A rumble of thunder with the scent of rain

Ane Brun’s new album “After the Great Storm” is a delectable assortment of music and prose


Vae O’Neil, A&E Editor


As we enter the final two months of 2020, people are looking to next year for hope, and maybe even a break from all the mayhem and hullabaloo that the last 10 months (and counting) have brought us. Many dream of unity and compassion rising out from the divisive and stubborn work in which we now live. Ane Brun’s latest album, “After the Great Storm,” encompasses that emotion of humanitarian thirst for concord, with masterful poetry and an impactful voice.

Ane Brun (pronounced Ah-na Broon), is a Norwegian singer, guitarist and songwriter; she’s been making music for nearly two decades, no doubt the product of being raised in a musical family as daughter of a jazz-singing and piano-playing mother. “After the Great Storm” has a pervading mood immediately present from the first track to the very end; the sound is serene, sometimes bittersweet and stoic, and sometimes a little happier and content. A particular talent of Brun’s is her prose and poetry; her voice and the lyrics are front and center in these songs, sweetened and reinforced by their musicality as would a film be enriched by its score.

One particular song that stands out is “We Need a Mother,” an artful rallying cry for peacemaking that can be assumed to address humanity as a whole. It begins with rage; “I feel rage / because of what I see / it’s breaking down my illusions of humanity.” Right off the bat listeners are given themes of disillusionment from mankind’s self-image, and outrage at what really going on; this could be in reaction to an almost endless list of things that have occurred this year that would inspire a soul-deep disappointment in humanity, so it’s fruitless to speculate which. The core of the song is headed by leaders, and leadership and family; “we need a mother/ we need a father / a Moses to separate the waters.” In this context, mothers, fathers and spiritual leaders have all been roles that traditionally bring about unity, or at least intend to; what’s more, the inclusion of Moses could be a way of saying we’re in need of a miracle to save our sorry behinds from climate change, institutionalized prejudices, or generally just not being nice to each other.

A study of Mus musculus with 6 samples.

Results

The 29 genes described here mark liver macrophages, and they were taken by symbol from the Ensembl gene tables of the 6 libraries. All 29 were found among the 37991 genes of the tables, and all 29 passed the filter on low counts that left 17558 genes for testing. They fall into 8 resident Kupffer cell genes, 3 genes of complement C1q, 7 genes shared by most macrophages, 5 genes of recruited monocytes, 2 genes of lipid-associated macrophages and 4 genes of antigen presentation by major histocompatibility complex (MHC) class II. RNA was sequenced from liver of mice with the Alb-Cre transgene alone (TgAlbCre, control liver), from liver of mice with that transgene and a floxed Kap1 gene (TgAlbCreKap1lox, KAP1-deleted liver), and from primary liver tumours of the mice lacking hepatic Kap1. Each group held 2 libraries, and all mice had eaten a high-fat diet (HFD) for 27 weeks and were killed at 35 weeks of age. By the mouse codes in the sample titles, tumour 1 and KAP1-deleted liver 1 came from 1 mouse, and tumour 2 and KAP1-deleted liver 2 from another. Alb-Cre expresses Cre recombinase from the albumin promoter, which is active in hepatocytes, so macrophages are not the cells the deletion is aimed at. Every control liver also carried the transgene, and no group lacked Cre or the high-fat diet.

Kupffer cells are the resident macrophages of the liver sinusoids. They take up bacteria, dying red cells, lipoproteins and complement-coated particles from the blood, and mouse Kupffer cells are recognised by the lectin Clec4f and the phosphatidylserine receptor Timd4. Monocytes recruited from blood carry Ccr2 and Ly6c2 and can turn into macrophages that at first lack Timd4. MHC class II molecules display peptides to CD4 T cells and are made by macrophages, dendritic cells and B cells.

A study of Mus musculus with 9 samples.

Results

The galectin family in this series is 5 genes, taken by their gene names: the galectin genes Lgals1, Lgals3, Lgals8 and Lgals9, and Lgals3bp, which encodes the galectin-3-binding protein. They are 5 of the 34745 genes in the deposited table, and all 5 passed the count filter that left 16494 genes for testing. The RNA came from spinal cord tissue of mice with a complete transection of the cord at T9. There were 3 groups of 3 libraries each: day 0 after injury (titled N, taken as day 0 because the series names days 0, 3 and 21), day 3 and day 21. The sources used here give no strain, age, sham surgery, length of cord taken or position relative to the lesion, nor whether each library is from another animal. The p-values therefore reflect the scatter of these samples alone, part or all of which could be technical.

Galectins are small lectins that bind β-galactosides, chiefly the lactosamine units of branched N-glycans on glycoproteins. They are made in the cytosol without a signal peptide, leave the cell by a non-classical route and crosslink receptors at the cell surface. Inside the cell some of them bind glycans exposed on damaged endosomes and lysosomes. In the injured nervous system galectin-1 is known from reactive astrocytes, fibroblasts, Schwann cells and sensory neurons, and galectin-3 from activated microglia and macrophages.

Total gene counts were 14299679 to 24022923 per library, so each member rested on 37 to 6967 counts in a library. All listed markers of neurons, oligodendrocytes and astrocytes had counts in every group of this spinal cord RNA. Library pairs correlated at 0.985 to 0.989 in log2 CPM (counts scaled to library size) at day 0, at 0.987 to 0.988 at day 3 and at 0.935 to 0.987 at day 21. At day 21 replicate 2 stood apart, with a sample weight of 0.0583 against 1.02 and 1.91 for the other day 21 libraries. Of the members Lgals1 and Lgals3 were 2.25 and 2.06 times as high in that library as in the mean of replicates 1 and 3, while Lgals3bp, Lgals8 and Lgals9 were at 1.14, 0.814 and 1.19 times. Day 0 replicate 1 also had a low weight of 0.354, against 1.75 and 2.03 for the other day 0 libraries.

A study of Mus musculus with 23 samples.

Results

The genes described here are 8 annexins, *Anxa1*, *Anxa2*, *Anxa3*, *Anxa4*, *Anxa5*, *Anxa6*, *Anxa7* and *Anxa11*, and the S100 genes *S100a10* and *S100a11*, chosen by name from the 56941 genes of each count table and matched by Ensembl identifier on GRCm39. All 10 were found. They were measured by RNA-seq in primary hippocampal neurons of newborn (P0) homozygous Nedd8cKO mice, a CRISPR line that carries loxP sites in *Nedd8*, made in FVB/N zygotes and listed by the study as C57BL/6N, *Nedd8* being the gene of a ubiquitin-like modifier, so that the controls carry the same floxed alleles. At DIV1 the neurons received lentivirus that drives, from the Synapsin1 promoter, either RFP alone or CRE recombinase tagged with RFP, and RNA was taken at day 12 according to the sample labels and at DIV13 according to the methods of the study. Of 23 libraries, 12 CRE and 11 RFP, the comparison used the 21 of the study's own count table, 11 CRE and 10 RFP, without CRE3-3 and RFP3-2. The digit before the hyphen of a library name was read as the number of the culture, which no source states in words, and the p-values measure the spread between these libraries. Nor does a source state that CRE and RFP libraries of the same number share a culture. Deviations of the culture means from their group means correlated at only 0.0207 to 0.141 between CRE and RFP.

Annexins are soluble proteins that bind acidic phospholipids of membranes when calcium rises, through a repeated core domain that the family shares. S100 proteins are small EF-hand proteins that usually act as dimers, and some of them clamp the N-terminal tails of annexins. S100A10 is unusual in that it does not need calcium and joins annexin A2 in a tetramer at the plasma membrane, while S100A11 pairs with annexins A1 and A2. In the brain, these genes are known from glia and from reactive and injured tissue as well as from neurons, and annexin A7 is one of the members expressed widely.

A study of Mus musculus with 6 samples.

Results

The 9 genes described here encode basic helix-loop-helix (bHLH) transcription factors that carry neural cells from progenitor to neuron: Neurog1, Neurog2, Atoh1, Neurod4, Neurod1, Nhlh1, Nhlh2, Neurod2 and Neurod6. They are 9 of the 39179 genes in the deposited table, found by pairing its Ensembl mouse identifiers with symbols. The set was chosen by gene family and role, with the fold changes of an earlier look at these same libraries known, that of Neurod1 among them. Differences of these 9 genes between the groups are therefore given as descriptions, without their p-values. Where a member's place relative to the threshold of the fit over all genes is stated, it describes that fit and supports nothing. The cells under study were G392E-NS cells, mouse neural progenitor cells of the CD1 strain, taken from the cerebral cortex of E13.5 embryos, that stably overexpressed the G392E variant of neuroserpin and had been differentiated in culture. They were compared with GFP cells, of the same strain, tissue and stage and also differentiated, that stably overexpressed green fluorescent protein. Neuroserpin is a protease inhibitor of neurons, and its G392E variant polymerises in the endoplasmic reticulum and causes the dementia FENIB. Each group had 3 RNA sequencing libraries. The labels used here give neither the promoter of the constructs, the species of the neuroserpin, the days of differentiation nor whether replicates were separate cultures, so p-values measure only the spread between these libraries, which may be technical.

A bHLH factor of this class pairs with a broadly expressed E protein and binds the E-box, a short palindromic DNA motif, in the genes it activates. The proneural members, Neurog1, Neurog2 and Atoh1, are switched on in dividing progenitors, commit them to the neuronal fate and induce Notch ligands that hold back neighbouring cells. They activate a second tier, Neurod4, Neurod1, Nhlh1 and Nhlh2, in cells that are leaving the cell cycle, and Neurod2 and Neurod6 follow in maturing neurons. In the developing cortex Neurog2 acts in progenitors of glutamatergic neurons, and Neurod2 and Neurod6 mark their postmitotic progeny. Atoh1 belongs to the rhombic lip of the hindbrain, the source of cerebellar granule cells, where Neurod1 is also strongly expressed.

The final resounding question that this song asks, quite literally, is “Is disillusionment / the final segment of our brilliance?” by this, Brun is asking how much longer the human race will continue to realize its mistakes, before finally starting to fix them. If it is even capable of doing so at all.

“We Need a Mother” is one of the songs of this album with a clear and more ironclad message; other tracks, such as the album’s namesake “After the Great Storm,” are much more abstract and fantastical creations that focus on sensation and imagery to carry their message along. Regardless of the range of artistic expression, Ane Brun’s “After the Great Storm” is much like a chocolate truffle; smooth, rich and oh-so-delicious.